March 12, 2013; Port Charlotte, FL, USA; Tampa Bay Rays right fielder Wil Myers (60) prior to the game against the New York Yankees at Charlotte Sports Park. Mandatory Credit: Kim Klement-USA TODAY Sports

Should Wil Myers Be Considered the Rays Savior?


The timing could not be better. The Rays have been scuffling as of late, dropping six of their last eight games and are seemingly on the verge of drifting out of contention in a tough American League East. As the Rays are seemingly in need of a spark, along comes the news that uber prospect Wil Myers has been called up to the majors. Myers, a power hitting prospect unlike any player that has been in the Rays system since Evan Longoria, is slated to make his debut Tuesday. If this was a Hollywood script, Myers would instantly become one of the top hitters in the league, and carry the Rays on his back into the postseason.

Alas, real life does not work as Hollywood would have one believe. In fact, the very premise that Myers may be what the Rays need to carry them into the postseason appears to be flawed. The reason is that the Rays happen to have one of the better offenses in the league. Through Sunday, they rank sixth in runs scored, walks and on base percentage in all of baseball, and are seventh in slugging. They are in the top half of the league in batting average, and have one of the best home run per at bat rates in baseball. The offense has not been the problem.

What the Rays need to salvage their season is for David Price to come back in the same form he displayed over the previous two seasons. They need Jeremy Hellickson to pitch like he did in 2011 and 2012. They need Alex Cobb and Matt Moore to regain their form from the start of this season. And they need Fernando Rodney to locate his plantain and be the dominant closer he was last season.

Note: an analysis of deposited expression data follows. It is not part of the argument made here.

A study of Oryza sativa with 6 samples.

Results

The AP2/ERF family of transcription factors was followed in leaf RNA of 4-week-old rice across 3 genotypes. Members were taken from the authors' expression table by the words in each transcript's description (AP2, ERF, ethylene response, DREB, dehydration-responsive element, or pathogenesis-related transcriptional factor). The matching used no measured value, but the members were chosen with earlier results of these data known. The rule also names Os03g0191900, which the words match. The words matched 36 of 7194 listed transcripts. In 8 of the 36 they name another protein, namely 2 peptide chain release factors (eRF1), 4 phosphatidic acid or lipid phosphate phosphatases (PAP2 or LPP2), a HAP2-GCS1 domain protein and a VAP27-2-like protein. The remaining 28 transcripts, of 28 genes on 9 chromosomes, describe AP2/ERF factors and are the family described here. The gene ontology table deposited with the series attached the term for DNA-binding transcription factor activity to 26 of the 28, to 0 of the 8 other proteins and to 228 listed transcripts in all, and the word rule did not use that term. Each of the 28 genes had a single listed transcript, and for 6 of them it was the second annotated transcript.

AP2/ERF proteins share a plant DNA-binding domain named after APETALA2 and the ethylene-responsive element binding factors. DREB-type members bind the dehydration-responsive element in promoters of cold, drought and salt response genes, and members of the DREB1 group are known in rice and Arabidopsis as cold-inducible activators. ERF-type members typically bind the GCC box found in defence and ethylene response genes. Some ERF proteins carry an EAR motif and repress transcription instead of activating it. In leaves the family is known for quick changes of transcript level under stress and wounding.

What Wil Myers will likely provide is another power bat in the lineup, and help make an already solid offense that much better. But unless Myers can throw in the upper 90′s with a knee buckling curveball and a devastating changeup, he is not likely to be the key to saving the Rays season. Therefore, it is highly unlikely that Myers will end up being the savior for the Rays this season–just a complementary piece to an already impressive lineup. Instead of being a savior, Myers will become just another one of the guys, and while the pressure upon him will be high, the fact that his performance won’t make or break the Rays’ season could ease the tension for him significantly.


  1. Baltar says:

    I disagree with your perspective. The Rays need to win more games. It does not matter whether they do so by scoring more runs or by holding the opponents to fewer. Myers will probably help them score more runs, so that will help win more games.
    If the pitching gets better, then that will also help. Giving Torres a chance at starting is the only move that might help there. Otherwise, we have to hope that the pitchers regress to their norms and Price returns to full health soon.